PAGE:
In Tuesday’s municipal election, Missoula voters approved a $1.7 million annual mill levy to improve the city’s Mountain Line bus system. The final vote was 10,210 to 7,688, meaning 57 percent of voters approved it.

Opinions of the levy were mixed leading up to and following the levy’s passage. Proponents cited the effects that increased bus ridership has on improving air quality and reducing congestion out on the roads. Critics argued that they shouldn’t have to pay for the bus if they don’t ride it.

A Missoula property owner with a home valued at $100,000 will see their annual property taxes increase by roughly 20 dollars.  NBC Montana hopped on board bus on Saturday, and asked Missoula Urban Transportation District General Manager Michael Tree to help break down where that money will go.

Tree explained that Mountain Line held public meetings in 2012 to gather input on improvements like expanded bus hours and increased service for disabled people and seniors. Ridership in specialized “curb-to-curb” transportation services increased 18 percent in 2012.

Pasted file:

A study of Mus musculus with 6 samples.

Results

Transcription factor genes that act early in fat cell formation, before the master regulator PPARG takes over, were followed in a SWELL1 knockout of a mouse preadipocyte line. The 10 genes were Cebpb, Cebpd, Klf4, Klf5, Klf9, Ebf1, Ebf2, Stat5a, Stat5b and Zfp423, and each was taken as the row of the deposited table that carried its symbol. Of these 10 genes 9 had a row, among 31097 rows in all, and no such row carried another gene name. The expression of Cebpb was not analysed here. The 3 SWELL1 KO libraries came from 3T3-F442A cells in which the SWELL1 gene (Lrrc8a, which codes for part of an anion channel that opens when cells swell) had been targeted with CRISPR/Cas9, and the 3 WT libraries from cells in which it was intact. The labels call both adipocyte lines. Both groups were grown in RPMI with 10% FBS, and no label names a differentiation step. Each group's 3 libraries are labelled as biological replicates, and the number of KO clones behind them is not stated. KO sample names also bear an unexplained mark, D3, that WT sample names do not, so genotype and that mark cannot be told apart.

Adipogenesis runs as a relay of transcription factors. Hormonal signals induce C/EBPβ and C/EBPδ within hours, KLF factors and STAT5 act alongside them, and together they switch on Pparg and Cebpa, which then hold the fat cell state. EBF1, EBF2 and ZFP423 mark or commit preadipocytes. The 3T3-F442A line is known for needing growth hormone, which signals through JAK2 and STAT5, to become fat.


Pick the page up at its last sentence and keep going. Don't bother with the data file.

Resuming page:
Tree tells NBC Montana that rider fares account for roughly 15 percent of Mountain Line’s budget. He says 50 percent of the levy will help pay to make buses available more often throughout the day, while the other money will go ward adding late-evening bus rides and new equipment.

Tree tells NBC Montana that non-riders are benefited by Mountain Line partly by the reduction of pollution and increase in available parking spaces in the city. Folks who may see some seemingly empty buses sometimes drive through downtown, he says, can look at public transportation as a bit like shopping at the grocery store.

“As you arrive in the parking lot and grab a shopping cart, it’s empty. You’re taking it into the store and little by little you fill the cart,” said Tree.

Tree says Mountain Line tracks ridership by counting the number of standing-room–only trips during peak times (commuter hours). Tree says there are seven to ten rides like that on any given day. Folks looking for more information about the levy can click here.